Haiti’s southern peninsula likely burns more than any place you’ve been—especially now. The smoke mingles with wafts of decay and ocean air, wreaking a pungent breeze through open windows. You can smell the burning in your sleep, and it wakes you. You can hear and see it night and day—the stripped-bare trees and fields piled high and set ablaze to make way for a new life, again.
Category 4 Hurricane Matthew is among the largest storms on record to hit the Caribbean and is the largest storm to strike the area in more than a decade. Yet even as the rest of the Western Hemisphere watched with horror as Matthew approached Haiti’s southern peninsula, the people living in the bullseye didn’t think much of it until it was on them.
“I mean I knew there was a storm coming, but I didn’t know it would be like this,” said Pastor Horlritch Francois, a native of Haiti who moved to Chardonnières, Haiti, to serve the area as a missionary sent from stateside Haitian churches. “I’ve never seen a wind like that.”
News didn’t travel quickly enough, there were few evacuations, and then the world around them just exploded in wind and walls of water and shrapnel. Those who could ran from their houses. Many of those who couldn't did not survive.
Now in the calm, Haitians wander through the war zone where their homes and livelihoods once stood. Crops and livestock are gone. Homes are gone. Friends and family are gone. More than a thousand people died. What the wind didn’t topple, the storm surge decimated—homes, churches, animals, people, and everything in its path.
At any time of night, people walk in flip flops or barefoot over rough terrain. Or they start fires, or watch fires, or wait for something to change.
“I woke up this morning and we waited for some help to come,” said Jean Clarens, 16, from Jeremie. “When no one came, my family sent me out to go find something, anything, to bring home.”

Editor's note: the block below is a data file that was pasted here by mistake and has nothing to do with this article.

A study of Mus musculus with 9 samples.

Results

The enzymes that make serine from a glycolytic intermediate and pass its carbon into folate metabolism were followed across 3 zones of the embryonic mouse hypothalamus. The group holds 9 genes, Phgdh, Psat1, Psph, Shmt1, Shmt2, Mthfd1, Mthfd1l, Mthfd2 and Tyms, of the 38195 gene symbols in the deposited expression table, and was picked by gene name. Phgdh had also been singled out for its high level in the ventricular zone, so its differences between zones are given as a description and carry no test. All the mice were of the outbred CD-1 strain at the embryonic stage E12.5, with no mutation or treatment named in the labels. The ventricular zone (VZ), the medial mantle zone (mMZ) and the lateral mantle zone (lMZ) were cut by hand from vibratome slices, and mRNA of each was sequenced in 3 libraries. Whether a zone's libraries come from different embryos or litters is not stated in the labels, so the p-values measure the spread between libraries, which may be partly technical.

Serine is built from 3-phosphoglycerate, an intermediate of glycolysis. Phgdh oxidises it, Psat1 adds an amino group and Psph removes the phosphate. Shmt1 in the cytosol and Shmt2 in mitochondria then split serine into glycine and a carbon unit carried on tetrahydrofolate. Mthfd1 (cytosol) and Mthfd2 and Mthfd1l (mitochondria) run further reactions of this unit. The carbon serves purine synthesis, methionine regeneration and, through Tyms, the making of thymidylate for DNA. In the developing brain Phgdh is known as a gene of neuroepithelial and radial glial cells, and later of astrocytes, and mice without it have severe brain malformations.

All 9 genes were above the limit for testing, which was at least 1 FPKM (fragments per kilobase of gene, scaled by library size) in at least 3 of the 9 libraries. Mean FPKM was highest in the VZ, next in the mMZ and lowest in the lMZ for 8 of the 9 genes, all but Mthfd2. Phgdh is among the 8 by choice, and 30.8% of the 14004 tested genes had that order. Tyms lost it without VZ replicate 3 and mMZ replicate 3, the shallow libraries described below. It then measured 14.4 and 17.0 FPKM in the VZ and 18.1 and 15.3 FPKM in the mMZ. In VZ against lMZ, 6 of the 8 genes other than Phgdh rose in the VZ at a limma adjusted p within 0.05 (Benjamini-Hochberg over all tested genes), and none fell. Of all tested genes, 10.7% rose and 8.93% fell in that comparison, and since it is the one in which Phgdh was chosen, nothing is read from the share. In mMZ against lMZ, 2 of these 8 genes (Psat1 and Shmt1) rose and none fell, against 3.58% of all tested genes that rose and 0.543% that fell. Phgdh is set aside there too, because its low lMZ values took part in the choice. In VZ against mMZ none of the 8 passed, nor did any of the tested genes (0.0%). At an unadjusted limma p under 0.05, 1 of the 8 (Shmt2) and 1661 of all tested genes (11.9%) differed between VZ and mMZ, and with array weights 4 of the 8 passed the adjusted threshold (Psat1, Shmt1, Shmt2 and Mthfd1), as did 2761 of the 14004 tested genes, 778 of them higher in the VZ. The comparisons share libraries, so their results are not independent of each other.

For the people living in Matthew’s path, it’ll be a long time before “normal” is reclaimed. But Samaritan’s Purse staff members have been at ground zero since the early days of Matthew’s aftermath, and they are witnessing hope and life return, if slowly, to this weary land. We are playing a part in seeing this happen as we provide supplies and medical care in Jesus’ Name.
If you look at a map of the island that’s home to Haiti (and the Dominican Republic), you’ll see a southern peninsula reaching toward Jamaica. This peninsula is where Hurricane Matthew stalled with its 145 mile per hour winds before moving on to devastate other parts of Haiti, then Cuba, the Bahamas, and the U.S. coast.
The cities and surrounding areas of Jérémie and Les Cayes took the brunt of the storm, and those are the areas where Samaritan's Purse distributed plastic sheeting for emergency shelter, blankets, water treatment supplies, hygiene kits, and food in the early days after the storm.
As we worked, news of cholera began to emerge through our medical teams canvassing outlying towns and villages.
Cholera has been in Haiti since the 2010 earthquake, but after Hurricane Matthew, Dr. Lance Plyler, medical advisor for Samaritan's Purse, was seeing signs that the disease could become another epidemic. As good water sources became contaminated and communities turned to drinking the only water they could find in streams and run off, a cholera outbreak began to rear up.
“Anyone who’s ever seen cholera will never forget it.”
It wasn't long before the first deaths were reported, and not long after that, an expanded medical response was set into action.
"Anyone who's ever seen cholera will never forget it," said Cindy Uttley, director of community health for Samaritan's Purse.
Soon we received word that Chardonnières was experiencing a staggering number of cases. Surrounding villages were bringing their sick and dead, and no one could help them.
Within a day, our DC-8 had brought in the doctors and nurses who would make the trek from our base of operation in Les Cayes westward to Chardonnières. This would be one of eight DC-8 airlifts transporting personnel and hundreds of tons of supplies to the devastated region.
The road to Chardonnières would be a bumpy one, but there was an overwhelming sense of God's presence in those remote areas as medical teams began treating the injured, sick, and dying in Jesus' Name.
"I've never been so sure in my life that I am where God wanted me to be," said Dr. Steve Haverly. "And that is an awesome feeling."
It's been weeks since Hurricane Matthew made landfall on Haiti's southern coast, but our work isn't over. Samaritan's Purse staff members in our Haiti field office, which was established after the earthquake in 2010, continue to provide relief and hope in Jesus' Name to the hundreds of communities and tens of thousands of homes devastated by the Category 4 storm.